TALLINN - Doctoral degrees will be conferred on 138 people and honorary doctorates on four people at a festive meeting marking the centennial of Estonian-language university at the University of Tartu on Sunday.
Also to be presented are the university's Award for Contribution to Estonian National Identity and a scholarship for a visiting professor from the Estonian diaspora.
Rector of the University of Tartu Toomas Asser in his remarks released on the eve of the anniversary described the opening of an Estonian-language university a mere one hundred years after the abolition of serfdom as an unforeseen achievement for our small nation.
"That, one hundred years on, Estonian-language universitas not only continues to exist but ranks among the best in the world demonstrates the belief of Estonians in education and science. But it is not by far an arrival that we are celebrating now, as now the university has to be a sensible and responsible guide in coping with the problems that affect Estonia and the whole world," Asser said.
Following a host of public events on Saturday, the official anniversary of the national university, Dec. 1, will be celebrated in a quieter format with a church service at St. John's Church in Tartu starting at 10 a.m. that will include the consecration of the university's new Estonian flag given as a gift by the Estonian Flag Society.
The festive meeting in the university's assembly hall starting at noon, which will include the formal anniversary lecture and the conferment of honorary doctorates and PhD degrees, presentation of the university's award for contribution to Estonian national identity and presentation of the scholarship for a visiting professor from the Estonian diaspora, will be followed by the rector's reception in the university museum on Toome Hill.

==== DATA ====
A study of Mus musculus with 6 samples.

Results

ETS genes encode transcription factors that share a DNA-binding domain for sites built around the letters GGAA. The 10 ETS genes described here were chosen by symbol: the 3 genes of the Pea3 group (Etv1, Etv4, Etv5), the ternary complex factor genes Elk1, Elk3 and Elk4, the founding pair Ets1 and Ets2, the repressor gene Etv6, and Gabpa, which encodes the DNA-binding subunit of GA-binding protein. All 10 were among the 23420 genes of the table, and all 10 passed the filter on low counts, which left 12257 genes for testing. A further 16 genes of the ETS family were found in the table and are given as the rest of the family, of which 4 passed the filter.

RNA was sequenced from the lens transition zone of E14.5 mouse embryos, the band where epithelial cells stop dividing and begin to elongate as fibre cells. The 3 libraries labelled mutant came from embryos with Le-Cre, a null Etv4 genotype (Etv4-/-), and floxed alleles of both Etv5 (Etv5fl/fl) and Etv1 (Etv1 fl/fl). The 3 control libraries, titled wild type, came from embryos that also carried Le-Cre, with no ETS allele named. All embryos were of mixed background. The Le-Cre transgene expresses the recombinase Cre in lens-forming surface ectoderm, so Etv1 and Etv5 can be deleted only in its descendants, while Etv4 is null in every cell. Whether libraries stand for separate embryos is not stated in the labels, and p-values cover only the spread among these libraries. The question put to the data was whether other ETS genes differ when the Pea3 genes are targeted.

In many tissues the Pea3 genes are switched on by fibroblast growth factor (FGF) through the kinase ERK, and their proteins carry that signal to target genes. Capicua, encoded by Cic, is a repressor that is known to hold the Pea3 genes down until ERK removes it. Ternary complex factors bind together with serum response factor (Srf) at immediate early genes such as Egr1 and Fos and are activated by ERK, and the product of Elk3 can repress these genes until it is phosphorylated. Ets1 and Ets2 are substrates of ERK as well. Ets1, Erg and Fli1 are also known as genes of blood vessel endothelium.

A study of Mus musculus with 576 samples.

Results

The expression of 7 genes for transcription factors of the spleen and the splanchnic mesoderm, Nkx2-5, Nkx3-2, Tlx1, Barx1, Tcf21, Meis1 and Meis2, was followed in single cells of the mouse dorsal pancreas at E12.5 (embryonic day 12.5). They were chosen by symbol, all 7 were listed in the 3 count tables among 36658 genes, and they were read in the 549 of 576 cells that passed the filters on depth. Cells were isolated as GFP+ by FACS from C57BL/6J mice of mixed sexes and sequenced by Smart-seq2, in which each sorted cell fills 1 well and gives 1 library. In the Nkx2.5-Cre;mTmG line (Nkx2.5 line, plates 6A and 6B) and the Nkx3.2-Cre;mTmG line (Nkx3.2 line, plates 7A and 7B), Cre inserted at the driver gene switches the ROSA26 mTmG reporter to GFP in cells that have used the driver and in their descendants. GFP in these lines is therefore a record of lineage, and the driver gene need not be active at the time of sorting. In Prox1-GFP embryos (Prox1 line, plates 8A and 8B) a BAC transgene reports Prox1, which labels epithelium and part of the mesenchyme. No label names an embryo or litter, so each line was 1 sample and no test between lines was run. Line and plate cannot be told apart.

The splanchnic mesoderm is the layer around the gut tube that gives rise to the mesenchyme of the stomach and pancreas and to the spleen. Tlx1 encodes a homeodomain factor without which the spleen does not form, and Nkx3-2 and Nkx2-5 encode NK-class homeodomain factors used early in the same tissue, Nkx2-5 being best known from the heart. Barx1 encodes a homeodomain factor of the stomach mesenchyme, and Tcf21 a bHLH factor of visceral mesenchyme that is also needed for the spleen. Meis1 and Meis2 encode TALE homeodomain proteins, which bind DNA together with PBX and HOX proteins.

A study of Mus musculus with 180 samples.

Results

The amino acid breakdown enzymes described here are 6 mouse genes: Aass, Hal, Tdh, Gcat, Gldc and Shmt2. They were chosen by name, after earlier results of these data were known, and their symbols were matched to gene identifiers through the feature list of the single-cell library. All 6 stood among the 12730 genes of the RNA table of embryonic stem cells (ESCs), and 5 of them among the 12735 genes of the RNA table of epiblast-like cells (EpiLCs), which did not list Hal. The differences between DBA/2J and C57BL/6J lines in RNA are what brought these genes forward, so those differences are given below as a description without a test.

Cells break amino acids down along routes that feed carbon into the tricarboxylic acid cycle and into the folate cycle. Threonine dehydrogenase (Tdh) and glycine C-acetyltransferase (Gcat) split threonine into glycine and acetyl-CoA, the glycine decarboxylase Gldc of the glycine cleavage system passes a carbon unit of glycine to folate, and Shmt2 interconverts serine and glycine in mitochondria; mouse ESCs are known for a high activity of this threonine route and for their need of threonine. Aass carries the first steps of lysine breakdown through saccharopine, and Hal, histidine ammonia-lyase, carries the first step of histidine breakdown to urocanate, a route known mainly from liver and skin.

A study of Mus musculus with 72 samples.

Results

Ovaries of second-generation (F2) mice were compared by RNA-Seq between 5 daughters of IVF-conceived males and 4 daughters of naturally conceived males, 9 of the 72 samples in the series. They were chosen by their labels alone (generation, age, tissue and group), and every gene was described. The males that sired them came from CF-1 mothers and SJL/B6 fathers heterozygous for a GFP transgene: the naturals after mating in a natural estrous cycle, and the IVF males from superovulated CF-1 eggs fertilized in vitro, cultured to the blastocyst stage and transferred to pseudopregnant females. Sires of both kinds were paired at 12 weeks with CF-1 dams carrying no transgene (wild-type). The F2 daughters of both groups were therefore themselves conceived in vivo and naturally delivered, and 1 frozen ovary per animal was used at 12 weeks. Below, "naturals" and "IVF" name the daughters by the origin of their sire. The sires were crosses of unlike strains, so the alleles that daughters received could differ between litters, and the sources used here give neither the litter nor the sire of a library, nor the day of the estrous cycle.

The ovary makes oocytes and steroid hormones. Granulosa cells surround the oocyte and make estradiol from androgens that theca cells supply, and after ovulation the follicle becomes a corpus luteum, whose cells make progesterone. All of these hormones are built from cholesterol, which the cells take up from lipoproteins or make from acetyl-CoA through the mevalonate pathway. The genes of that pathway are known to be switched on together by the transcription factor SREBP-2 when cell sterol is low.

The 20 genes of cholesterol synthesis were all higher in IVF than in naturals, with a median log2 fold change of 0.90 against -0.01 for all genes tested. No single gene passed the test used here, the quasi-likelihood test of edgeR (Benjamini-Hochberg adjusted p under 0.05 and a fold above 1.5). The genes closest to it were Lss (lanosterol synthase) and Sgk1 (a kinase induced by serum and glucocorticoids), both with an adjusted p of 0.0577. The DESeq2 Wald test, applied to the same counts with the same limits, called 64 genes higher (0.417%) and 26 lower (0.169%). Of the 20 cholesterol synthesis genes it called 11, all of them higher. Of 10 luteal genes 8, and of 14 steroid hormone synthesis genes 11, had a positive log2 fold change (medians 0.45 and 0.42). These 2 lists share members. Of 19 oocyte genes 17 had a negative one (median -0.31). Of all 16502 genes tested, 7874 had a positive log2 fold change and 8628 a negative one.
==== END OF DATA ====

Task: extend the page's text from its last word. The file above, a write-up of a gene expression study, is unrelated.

As an homage to the opening meeting of the Estonian-language university held one hundred years ago, a poem created for the 1919 occasion by Estonian poet Gustav Suits will be recited before the audience at the festive meeting in the university's assembly hall. The placement of chairs in the hall will be the same as during the opening meeting of the Estonian-language university one hundred years ago.
The University of Tartu of the Republic of Estonia was born together with the Estonian state. After the end of World War I, German army handed over the university to Peeter Pold, representative of the government of Estonia. Estonian language was declared the official language of the university, and following a period of preparation 351 students, including 305 Estonians, started their studies at the university on Oct. 6, 1919.
At present, the university's student corps numbers about 13,400 and includes 1,660 international students.